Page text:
An agreement between Harrison County and its fire chiefs calls for a new tanker truck for the New Middletown Volunteer Fire Dept. in 2020. It is part of the Harrison County Fire Chiefs Association’s three-year plan that totals slightly less than $1.5 million.

Mike Riley, chief of the New Middletown VFD, discussed his department’s proposal Monday night at the Harrison County Council meeting.

“We’re coming to you to ask for $350,000 as part of the three-year plan we’ve talked about in the past,” Riley said.

The chief said the department has already gotten specifications on a new tanker, which would take a 1993 tanker out of service.

“It’s actually out of service now because it’s got issues,” Riley told the council.

He said the fire department is looking at ways to fix it so it will last until the new tanker arrives.

The total cost of the new truck, with the offer available until March 4, according to Riley, is $360,983.

“We’re going to come up with the rest, outside of the $350,000,” Riley said.

Councilor Holli Castetter reviewed the three-year plan. She verified New Middletown was scheduled to be the 2020 recipient of funds allowed in the gentleman’s agreement. She added that last year the council approved $610,000, with Milltown’s volunteer fire department receiving $300,000 for a pumper truck and Harrison Township’s fire department receiving $310,000 for new breathing apparatus equipment.

Under the fire chief’s agreement, fire departments discuss the county’s biggest fire protection needs and inform the county commissioners and council what should be funded during a three-year window. The agreement includes not spending more than a combined $1 million over a two-year span, and the overall amount is kept under $1.5 million.

The final year of this three-year agreement calls for the construction of a new fire house in Palmyra in 2021.

“We’ll take action in two weeks,” council president Donnie Hussung told Riley.

The council’s next meeting will be Monday, Feb. 10, at 7 p.m. at the Government Center in Corydon.

That’s also when the council could decide to give leftover 2019 spay and neuter program funds to a humane society to help control the county’s animal population.

Commissioner Charlie Crawford said the program had $4,539 remaining at the end of 2019.

“Our intention was to use that up on a clinic late in the year,” Crawford said. “But, my fault, I guess, that we didn’t get that done.”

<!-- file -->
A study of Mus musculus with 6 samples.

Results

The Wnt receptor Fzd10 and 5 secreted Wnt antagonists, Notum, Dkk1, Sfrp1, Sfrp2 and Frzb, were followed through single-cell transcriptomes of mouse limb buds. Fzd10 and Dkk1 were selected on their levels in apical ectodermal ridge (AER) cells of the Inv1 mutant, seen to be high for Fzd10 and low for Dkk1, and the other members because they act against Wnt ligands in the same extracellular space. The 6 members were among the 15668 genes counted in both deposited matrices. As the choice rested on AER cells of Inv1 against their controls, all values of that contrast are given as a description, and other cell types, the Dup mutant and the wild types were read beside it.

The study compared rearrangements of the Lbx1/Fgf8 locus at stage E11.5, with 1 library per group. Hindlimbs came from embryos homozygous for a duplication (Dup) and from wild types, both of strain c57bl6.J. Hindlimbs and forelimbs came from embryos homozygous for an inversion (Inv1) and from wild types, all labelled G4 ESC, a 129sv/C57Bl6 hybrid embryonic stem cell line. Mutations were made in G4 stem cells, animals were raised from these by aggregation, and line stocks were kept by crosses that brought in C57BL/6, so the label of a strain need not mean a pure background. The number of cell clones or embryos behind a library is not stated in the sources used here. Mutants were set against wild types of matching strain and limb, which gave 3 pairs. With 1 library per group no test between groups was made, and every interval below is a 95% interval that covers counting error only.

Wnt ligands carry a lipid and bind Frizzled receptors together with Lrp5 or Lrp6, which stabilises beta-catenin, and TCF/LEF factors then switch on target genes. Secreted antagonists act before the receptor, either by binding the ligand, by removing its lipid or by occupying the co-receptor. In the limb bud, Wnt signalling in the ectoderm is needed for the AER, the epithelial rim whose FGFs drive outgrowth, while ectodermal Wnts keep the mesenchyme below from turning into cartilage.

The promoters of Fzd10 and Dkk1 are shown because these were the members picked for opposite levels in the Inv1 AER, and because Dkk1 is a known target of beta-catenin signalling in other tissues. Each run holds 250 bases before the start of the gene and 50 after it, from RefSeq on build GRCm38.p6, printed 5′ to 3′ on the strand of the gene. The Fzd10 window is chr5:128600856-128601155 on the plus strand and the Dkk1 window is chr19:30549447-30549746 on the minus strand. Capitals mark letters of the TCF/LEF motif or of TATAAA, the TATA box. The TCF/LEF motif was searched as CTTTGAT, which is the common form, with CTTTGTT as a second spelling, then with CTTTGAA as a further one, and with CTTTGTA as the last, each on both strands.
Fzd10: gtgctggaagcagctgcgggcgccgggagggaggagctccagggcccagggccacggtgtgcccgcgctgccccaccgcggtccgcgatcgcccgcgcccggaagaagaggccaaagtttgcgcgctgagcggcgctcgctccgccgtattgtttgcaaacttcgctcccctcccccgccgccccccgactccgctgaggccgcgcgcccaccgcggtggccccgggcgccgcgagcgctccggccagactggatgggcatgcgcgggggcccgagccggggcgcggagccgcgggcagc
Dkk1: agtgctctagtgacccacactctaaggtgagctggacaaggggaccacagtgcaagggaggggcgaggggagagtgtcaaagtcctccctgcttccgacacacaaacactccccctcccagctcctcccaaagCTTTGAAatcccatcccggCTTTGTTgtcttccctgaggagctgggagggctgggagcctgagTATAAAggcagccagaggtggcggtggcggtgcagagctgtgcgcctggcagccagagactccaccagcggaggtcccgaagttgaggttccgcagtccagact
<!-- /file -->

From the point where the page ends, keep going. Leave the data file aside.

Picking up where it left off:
The leftover money went back into the county’s riverboat fund since it was not used. To approve this request, the council would need to approve an additional for the same amount that wasn’t spent in 2019.

“We were down days last year where the public couldn’t come in and ask to do that,” Crawford said.

HEART Humane Society has asked for the funds to stretch the money further to help more animals and county residents in the spring.

“We set up a contract with The Snip Clinic that’s over in Louisville,” Erin Sizemore, who is with HEART Humane, said. “The most they charge us under the contract is $85.”

Sizemore said veterinarians in the county might charge as much as $300 to spay a dog. The county’s spay/neuter voucher, which is limited to two free vouchers a year per household, is for a $20 discount off the price to spay or neuter a cat or dog.

“That’s still a drop in the bucket,” Sizemore said. “A lot of people still can’t afford that.”

The humane society is planning to accept animals in March to be spayed or neutered and could take as many as 20. Similar events would take place throughout the year for county residents to help address animal control.

Sizemore said her organization already has approximately $1,500 of its own money to help with spay and neuter assistance. HEART plans to have a fundraiser at Corydon Presbyterian Church on Saturday, April 4, to raise more funds to help with this program.

The $85 fee is close to $10 off the regular price to get an animal spayed or neutered, but Sizemore said some residents don’t have the time, the transportation or don’t want to make the trip to Louisville to get the better price for controlling animal population.

Sizemore said HEART would have a meeting area for residents who want to get their pet to The Snip Clinic. The humane society would transport the animals to the clinic, be there for the procedure and then return the animals back to the county for owners to pick them up.